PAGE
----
In the next two months, the group aims to raise $50 million to $100 million, mostly from big corporations, to build public support for a debt deal and flush out its details so it can be acted on by Congress sometime after the November elections.
In many ways, this CEO effort is an end run around the elaborate and expensive apparatus that big businesses have set to influence the government in Washington, whether it be Washington offices staffed by company lobbyists or myriad business and industry associations to which they pay significant dues.
Steven Pearlstein is a Pulitzer Prize-winning business and economics columnist at The Washington Post.
In today’s highly partisan and polarized environment, the only way these business lobbyists can shape legislation or regulations of interest to their industry is to ally themselves with one party or the other and back that choice with a steady flow of political money to the party, its leaders and affiliated political-action entities. The natural choice for business has been the Republican Party.
The problem for Corporate America, however, is that the same Republicans who have been so aggressive and uncompromising in pursuing their agenda on energy or trade or corporate taxes turn out to be no less aggressive and uncompromising on issues that business may not agree on, such as eliminating federal funding for education, denying the existence of global warming or destroying Planned Parenthood.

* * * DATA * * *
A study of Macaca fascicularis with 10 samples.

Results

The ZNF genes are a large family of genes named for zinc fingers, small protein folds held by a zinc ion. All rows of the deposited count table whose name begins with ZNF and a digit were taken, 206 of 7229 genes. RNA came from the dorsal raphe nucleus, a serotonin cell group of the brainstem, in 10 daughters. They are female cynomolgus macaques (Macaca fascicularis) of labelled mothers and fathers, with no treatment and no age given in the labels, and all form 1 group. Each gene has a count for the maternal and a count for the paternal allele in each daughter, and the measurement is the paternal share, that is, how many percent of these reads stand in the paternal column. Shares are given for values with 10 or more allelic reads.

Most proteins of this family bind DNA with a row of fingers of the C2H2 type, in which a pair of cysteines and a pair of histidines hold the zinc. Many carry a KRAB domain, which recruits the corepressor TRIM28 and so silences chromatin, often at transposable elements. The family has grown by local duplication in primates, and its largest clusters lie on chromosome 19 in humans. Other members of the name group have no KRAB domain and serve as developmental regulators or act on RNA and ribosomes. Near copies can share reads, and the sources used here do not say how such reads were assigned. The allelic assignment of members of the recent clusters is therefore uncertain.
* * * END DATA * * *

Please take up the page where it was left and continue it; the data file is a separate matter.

Most significantly, while the vast majority of corporate executives would jump at signing on to a long-term budget plan that combines entitlement cuts with increased revenue, the Republican caucuses in both houses have repeatedly refused even to consider such a compromise. So does the Republican presidential candidate.
What would happen if a major company or industry group business organization were to break with the Republican caucuses and lobby for a bipartisan budget compromise? For starters, they might suddenly find that that amendment they were counting on won’t be coming up for a vote after all. And if they persist in such disloyalty, the company lobbyist or top official in such an industry group might discover that there is a quiet effort to get them fired, replaced with somebody more loyal and reliable.
Crazy conspiracy theory? No, it’s actually called the K Street Project, begun a decade ago by House Republican Leader Tom Delay. And if you doubt its effectiveness, just ask former Republican Congressman Billy Tauzin, who was pushed out as head of the Pharmaceutical Research and Manufacturers of America because he dared to strike a compromise deal with the Obama White House on health-care reform.
The reality now facing practical, pragmatic corporate executives is that their Washington lobbying apparatus has become one with a Republican caucus on Capitol Hill that is dominated by ideological zealots and uncompromising partisans. So if they have now concluded that the most important issue for American business, and the economy, is getting a reasonable bipartisan compromise on taxes and spending, their only choice is to bypass that apparatus.